SNV30239

SNV30239


the day of the London Marathon

So, after all the preparation, the early morning training sessions, setting off at 6am on cold winter's mornings, and even giving up rugby for a few months so he wouldn't get injured , my son Callum finally got to run in his first full marathon. And what a marathon to start with...the London Marathon itself.

It's something I've watched on BBC television for many years, and it's compulsive viewing. For the first time though, I went down to watch it along with our family and friends.

What a wonderful day...with London showing off in the sunshine...Mr Thinking of the Days and I passed The Tower of London,





before making our way to a standing point where we met other Pancreatic Cancer UK supporters .




We all shouted every time we saw  runners wth their distinctive charity running vests, and I started to go cross eyed as my eyes scanned the waves of runners coming towards us. Thousands of them, most running for their chosen charities in memory of their loved ones.

All sizes, all shapes, from all over the world, some cruising past casually where we were at the 12.5 mile mark, some struggling already. Then came Callum - he saw us, I was screaming his name, and he came over, gave me a big hug, and ran off looking as fresh as a daisy. My eyes filled with tears of pride , so I turned took this photo and composed myself.



Of course I was fine after that, and we then joined up with our daughter and her husband , my eldest son and his girlfriend, Grace and Rich, Danny and Alex and even Cammo who is over from Australia. We waited by the 23 mile mark,





 but began to wonder where Callum was....as we waited and waited. His knee which had proved troublesome a few weeks was giving him problems from mile 15 onwards, and when we finally saw him, he didn't see us. He was firmly focused on the road ahead, pain etched onto his face, dragging his leg slightly.

But he finished, and we caught up with him afterwards at the Queen Elizabeth 11 Conference Centre by Westminster Abbey. That's where many of the charities hire rooms to welcome their runners, give them massages and a place where they can rest and meet up with their supporters. Here was his lovely girlfriend Elly and her family and friends who'd also come to give support and so a photo of all of us was taken. I love this....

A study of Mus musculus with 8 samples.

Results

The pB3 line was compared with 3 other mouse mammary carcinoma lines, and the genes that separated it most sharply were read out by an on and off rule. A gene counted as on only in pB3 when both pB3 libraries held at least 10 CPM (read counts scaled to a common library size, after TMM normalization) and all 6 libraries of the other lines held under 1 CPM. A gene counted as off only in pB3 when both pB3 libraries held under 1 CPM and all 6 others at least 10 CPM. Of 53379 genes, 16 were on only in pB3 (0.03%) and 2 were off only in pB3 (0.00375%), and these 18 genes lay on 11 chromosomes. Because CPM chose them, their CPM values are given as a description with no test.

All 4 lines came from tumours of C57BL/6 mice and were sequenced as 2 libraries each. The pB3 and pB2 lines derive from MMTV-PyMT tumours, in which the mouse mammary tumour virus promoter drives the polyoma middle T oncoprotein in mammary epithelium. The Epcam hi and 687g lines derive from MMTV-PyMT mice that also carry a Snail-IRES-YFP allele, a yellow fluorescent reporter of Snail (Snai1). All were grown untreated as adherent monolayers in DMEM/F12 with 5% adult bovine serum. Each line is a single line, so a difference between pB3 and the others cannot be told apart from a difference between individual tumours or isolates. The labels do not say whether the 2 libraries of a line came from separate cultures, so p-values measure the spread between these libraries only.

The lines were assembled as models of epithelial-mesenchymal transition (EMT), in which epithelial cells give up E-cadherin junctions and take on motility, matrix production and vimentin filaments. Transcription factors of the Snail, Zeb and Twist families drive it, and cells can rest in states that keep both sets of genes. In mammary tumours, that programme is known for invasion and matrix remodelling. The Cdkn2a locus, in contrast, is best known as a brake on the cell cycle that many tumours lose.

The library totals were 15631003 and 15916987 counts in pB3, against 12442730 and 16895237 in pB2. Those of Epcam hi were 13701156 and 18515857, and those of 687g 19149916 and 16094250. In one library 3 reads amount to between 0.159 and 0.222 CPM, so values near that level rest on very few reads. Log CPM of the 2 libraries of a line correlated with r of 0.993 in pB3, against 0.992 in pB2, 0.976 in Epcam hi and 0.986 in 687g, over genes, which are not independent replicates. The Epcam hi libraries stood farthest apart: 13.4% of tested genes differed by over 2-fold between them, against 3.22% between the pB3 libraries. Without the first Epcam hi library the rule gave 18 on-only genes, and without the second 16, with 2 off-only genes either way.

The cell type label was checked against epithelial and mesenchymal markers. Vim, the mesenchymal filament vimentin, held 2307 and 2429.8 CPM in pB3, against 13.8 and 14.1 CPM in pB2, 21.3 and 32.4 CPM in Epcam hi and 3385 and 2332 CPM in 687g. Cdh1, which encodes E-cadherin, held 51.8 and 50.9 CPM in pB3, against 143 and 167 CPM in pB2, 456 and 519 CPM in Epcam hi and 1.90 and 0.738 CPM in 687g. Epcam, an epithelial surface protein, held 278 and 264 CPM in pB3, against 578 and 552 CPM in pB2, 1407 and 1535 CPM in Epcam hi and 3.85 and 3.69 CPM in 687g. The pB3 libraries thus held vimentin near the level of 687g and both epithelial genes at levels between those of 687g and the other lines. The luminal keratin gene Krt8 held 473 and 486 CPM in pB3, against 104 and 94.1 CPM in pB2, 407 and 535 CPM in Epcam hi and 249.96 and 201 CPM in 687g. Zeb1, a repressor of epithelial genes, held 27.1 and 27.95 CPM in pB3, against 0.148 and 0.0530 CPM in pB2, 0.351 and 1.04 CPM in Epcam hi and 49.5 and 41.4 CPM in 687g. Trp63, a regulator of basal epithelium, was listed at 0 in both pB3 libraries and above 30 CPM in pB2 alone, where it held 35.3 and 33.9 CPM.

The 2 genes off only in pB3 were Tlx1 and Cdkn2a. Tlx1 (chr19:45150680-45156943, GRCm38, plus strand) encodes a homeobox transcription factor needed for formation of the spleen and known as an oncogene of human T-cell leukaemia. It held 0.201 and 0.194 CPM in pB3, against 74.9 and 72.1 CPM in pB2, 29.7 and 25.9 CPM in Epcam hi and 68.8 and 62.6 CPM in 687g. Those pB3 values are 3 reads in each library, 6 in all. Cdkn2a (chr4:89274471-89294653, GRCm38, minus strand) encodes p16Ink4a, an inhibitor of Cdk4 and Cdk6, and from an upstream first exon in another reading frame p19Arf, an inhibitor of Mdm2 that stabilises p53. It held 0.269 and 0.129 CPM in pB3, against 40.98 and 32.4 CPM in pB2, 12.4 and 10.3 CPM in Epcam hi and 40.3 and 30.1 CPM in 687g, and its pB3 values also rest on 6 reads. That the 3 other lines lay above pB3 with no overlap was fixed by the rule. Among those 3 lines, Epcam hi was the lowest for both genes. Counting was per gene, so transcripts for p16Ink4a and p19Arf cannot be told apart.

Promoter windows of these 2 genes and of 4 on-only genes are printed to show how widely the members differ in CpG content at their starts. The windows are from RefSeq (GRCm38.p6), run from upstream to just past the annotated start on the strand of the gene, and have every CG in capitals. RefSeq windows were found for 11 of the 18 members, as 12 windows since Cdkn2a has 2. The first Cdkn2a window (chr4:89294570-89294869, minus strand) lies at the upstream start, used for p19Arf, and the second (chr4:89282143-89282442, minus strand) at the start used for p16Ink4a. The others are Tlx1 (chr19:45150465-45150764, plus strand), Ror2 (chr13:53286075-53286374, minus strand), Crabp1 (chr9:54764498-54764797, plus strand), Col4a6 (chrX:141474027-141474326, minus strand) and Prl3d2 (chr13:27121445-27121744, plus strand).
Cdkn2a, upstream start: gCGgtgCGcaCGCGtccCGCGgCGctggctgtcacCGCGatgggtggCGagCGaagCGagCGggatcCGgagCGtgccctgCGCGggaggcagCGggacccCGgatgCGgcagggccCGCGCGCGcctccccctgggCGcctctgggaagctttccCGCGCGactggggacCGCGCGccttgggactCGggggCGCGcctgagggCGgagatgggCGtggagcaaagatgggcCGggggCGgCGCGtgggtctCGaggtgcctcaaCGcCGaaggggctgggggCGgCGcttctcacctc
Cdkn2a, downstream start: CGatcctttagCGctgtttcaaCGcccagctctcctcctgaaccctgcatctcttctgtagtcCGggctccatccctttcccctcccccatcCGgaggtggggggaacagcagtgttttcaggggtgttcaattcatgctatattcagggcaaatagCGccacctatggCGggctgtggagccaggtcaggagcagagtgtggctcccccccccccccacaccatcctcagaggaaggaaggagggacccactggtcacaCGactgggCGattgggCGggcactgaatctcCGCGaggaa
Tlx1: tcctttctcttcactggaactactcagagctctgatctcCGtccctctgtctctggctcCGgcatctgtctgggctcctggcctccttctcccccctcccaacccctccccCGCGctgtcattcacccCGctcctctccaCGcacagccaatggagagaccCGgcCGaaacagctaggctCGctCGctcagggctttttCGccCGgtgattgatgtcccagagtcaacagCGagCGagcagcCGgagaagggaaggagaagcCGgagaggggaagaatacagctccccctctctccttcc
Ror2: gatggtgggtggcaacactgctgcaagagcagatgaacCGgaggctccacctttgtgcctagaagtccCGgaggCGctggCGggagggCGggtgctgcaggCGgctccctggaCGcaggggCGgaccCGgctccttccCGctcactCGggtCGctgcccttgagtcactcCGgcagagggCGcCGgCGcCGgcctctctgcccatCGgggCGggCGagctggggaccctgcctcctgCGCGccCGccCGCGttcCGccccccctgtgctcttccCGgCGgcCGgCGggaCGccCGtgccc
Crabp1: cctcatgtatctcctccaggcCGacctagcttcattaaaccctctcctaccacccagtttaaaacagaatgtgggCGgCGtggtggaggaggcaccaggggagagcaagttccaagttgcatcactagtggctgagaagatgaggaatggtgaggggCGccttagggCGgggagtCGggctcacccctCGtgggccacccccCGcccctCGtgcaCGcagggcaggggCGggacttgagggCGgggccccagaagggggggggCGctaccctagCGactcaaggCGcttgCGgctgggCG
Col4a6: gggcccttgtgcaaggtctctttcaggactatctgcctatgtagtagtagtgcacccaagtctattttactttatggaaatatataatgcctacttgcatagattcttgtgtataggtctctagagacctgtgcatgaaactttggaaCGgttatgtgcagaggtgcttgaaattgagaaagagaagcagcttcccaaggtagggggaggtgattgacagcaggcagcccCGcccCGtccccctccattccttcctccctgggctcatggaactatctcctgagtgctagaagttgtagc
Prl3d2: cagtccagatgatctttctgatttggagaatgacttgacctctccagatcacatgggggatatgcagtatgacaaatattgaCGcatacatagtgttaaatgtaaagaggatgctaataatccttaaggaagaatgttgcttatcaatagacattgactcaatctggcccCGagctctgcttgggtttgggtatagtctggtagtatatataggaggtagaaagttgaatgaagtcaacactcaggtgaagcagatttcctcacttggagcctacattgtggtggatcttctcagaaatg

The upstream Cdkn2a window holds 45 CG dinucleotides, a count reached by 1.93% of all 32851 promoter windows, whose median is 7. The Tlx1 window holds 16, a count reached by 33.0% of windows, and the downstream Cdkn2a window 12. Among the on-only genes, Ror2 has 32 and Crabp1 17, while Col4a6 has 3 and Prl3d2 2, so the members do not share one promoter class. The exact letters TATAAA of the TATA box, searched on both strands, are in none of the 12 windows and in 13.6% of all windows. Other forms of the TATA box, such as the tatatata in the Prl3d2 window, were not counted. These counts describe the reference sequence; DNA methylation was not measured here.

.

And this


Callum could hardly walk by now, but managed to get to the restaurant for a curry




And to have a laugh and a joke wit his brother, sister and his gorgeous cousin Ollie, who we reckon looks a little like Tom Hiddlestone




He's still walking like John Wayne, but is ecstatic at raising what will eventually be over £4,000 for such a good cause...for research into pancreatic cancer  and support for those who have it and their families. People like his uncle Dave and grandmother

But of course this is just one story out of millions who were there.

What a day. All those runners, over 39,000 of them, and the huge crowds who came to watch. The sense of camaradie and fellowship and fun which was all around. The millions of pounds raised for such worthwhile charities.

What a day...what a bloody brilliant, beautiful, emotional and proud day for so many people.

Then what a sad day the following day as we learned about the army captain aged 31 who died after collapsing at the marathon. RIP David Seath.










 

4 comments:

  1. Brilliant stuff Bridget and it sounds as though you all had one heck of a day out. Peter H.